The nation’s largest telephone and cable companies are crafting an alarming set of strategies that would transform the free, open and nondiscriminatory Internet of today to a privately run and branded service that would charge a fee for virtually everything we do online.
Verizon, Comcast, Bell South and other communications giants are developing strategies that would track and store information on our every move in cyberspace in a vast data-collection and marketing system, the scope of which could rival the National Security Agency. According to white papers now being circulated in the cable, telephone and telecommunications industries, those with the deepest pockets–corporations, special-interest groups and major advertisers–would get preferred treatment. Content from these providers would have first priority on our computer and television screens, while information seen as undesirable, such as peer-to-peer communications, could be relegated to a slow lane or simply shut out.
Under the plans they are considering, all of us–from content providers to individual users–would pay more to surf online, stream videos or even send e-mail. Industry planners are mulling new subscription plans that would further limit the online experience, establishing “platinum,” “gold” and “silver” levels of Internet access that would set limits on the number of downloads, media streams or even e-mail messages that could be sent or received.
To make this pay-to-play vision a reality, phone and cable lobbyists are now engaged in a political campaign to further weaken the nation’s communications policy laws. They want the federal government to permit them to operate Internet and other digital communications services as private networks, free of policy safeguards or governmental oversight. Indeed, both the Congress and the Federal Communications Commission (FCC) are considering proposals that will have far-reaching impact on the Internet’s future. Ten years after passage of the ill-advised Telecommunications Act of 1996, telephone and cable companies are using the same political snake oil to convince compromised or clueless lawmakers to subvert the Internet into a turbo-charged digital retail machine.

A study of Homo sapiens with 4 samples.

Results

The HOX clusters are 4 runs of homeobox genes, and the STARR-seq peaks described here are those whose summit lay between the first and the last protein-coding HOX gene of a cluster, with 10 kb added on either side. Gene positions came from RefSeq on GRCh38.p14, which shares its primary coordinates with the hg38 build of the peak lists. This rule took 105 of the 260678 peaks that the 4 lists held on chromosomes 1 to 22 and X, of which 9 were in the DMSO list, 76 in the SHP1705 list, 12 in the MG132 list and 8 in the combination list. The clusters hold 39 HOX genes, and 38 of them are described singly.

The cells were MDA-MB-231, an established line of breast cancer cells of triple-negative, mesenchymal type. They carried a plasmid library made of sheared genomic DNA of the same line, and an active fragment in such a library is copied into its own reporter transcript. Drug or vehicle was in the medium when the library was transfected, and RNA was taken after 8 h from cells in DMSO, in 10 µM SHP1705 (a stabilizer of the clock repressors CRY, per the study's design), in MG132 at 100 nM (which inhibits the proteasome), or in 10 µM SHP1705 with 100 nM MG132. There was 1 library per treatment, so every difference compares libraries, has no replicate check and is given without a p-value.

The telephone industry has been somewhat more candid than the cable industry about its strategy for the Internet’s future. Senior phone executives have publicly discussed plans to begin imposing a new scheme for the delivery of Internet content, especially from major Internet content companies. As Ed Whitacre, chairman and CEO of AT&T, told Business Week in November, “Why should they be allowed to use my pipes? The Internet can’t be free in that sense, because we and the cable companies have made an investment, and for a Google or Yahoo! or Vonage or anybody to expect to use these pipes [for] free is nuts!”